HOW NOT TO LOOK LIKE AN IDIOT, Lesson 5: "Credulity"

Republibot 3.0
Republibot 3.0's picture

These are trying times for Republicans. Not only did we lose the election, we got pantsed. Control of both houses and the presidency have been lost. We’re involved in two unpopular wars, we‘re bordering on a third, the government is deeply in debt, the international economy is in the crapper, and whether wrong or right, the strong public consensus is that it’s entirely our fault. Whether you’re a die-hard Bush supporter, or a moderate who feels mistakes were made, I think it’s pretty obvious that the party and its members are having a bit of an image problem right now.

To that end, I humbly submit this guide on how we can change our reputation and not be perceived as paranoid racists and raving religious fanatics, at least on a one-to-one basis.

LESSON 5: Credulity

Recently I spoke about the perils of conspiracy theories and the dangers of putting forward the delusions of the mentally ill as if it were fact. This is a peril on the internet, where there is little or no fact checking, and people's normal bias towards "If they're saying it, it must be true."

Random crap is put on the web by crazy people, or simply liars, and it gets passed around, and the next thing you know, it becomes a meme, with people saying it's real, no matter how many times it's debunked. This has always existed, but the Internet has made it much more pervasive. Twenty years ago, no one believed that "We never went to the moon" crap, nowadays a frightening lot of peole do. There's a science teacher 20 miles south of me who teaches it in a public school to impressionable kids, and no one complains. It's shameful.

What *WE* have to do is to be skeptical. Someone tells you something, you *NEED* to look it up before you pass it on, and you *NEED* to inform the people you got it from that it isn't true if it turns out that it isn't. It doesn't matter if it's to our advantage to pass false information along or not, we *Can Not* lie. Any success based on lies falls apart as soon as the truth comes out, and the truth always comes out.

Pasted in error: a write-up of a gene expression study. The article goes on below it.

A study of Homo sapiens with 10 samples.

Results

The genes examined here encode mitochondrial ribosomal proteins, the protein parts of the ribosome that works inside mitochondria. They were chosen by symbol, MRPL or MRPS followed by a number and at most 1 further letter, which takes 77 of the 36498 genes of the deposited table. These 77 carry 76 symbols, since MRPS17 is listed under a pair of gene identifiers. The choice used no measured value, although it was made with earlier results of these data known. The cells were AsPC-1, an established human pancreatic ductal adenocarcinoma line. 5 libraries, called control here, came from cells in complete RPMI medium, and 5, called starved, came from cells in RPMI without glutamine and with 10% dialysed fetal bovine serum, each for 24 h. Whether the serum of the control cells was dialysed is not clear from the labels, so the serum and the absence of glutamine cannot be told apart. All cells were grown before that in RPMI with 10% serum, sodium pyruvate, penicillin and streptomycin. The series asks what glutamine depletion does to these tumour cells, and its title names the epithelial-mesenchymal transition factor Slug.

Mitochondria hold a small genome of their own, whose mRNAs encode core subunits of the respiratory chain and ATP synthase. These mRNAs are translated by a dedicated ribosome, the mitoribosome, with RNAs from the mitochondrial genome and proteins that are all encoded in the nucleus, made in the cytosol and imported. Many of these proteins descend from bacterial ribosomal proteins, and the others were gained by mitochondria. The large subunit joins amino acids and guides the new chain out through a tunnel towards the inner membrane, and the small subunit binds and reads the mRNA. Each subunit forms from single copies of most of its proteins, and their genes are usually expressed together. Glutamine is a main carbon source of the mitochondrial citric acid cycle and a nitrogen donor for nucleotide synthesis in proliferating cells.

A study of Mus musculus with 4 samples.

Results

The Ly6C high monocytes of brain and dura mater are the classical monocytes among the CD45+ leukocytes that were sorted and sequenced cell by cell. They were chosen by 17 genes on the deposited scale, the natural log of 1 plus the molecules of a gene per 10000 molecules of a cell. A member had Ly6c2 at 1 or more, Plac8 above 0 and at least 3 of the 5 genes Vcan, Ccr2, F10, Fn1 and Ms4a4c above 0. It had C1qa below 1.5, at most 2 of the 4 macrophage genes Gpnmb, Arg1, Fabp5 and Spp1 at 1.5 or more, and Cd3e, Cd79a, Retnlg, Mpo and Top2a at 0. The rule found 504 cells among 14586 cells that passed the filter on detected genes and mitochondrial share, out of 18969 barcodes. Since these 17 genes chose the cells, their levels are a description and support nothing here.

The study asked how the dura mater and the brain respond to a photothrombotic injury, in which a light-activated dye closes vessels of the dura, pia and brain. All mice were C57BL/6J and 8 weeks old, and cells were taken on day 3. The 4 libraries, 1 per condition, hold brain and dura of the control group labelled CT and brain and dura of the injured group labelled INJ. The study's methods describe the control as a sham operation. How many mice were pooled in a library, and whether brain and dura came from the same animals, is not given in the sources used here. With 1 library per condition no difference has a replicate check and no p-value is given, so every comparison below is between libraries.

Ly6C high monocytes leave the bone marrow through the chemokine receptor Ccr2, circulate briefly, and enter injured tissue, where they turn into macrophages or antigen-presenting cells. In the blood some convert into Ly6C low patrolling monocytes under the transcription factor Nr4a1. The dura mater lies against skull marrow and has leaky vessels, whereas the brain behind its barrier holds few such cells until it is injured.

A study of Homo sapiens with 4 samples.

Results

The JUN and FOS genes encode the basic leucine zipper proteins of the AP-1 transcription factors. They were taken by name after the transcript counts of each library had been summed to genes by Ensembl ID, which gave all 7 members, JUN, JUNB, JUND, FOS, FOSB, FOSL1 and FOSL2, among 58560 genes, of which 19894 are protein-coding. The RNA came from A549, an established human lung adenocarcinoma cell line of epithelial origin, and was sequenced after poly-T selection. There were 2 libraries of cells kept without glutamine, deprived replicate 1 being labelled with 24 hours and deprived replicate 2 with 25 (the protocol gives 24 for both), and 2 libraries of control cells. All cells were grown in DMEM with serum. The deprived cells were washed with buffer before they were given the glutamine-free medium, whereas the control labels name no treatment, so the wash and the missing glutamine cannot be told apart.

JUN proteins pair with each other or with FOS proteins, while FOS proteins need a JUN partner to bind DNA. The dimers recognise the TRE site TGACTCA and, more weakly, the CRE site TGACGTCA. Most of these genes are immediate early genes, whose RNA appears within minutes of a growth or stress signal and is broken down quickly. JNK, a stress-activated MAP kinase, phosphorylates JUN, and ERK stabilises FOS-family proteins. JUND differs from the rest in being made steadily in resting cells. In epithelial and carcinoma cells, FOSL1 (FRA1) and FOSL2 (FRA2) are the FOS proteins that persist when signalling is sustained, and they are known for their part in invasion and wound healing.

And of course it always makes us look like idiots, too. Case in point:


Upon seeing this, did I pass it on to my friends and say "The UN is going to kill us all?" I did not. Did I instantly believe it was true because there were pictures? I did not. (In fact, I initally thought it was photoshopped, but it turned out not to be). What I *DID* do was call a friend in Jacksonville. He said he didn't know, so he drove out to the airport (It's an airport, not an Air Force Base, though some USAF aircraft were stored there for a while), and asked around.

Turns out Kia had been using the facility as a cheap way to store surplus unsold cars. There's nothing UN-related about it at all, nothing insidious, unless you've got something against South Korean Capitalism. Hunting around online after my friend called me back, I found this

which says basically the same thing my friend verified with his own eyes.

Of course this isn't just a Republican problem, but as I've always said: If we're going to win, we need to be better than our opponents, not just more popular. If you get something in your in-basket that seems to verify all your wildest fears about the other side, it's probably not true, it's probably a pious forgery by some well-meaning doofus trying to garner support.

You many not have a friend in the area that can check it out on foot, but you *Can* root around the internet for more information that explains whatever it is you got. "Snopes.Com" is always a great place to start, and work your way outwards from there.

Because if you don't, we all end up looking like idiots.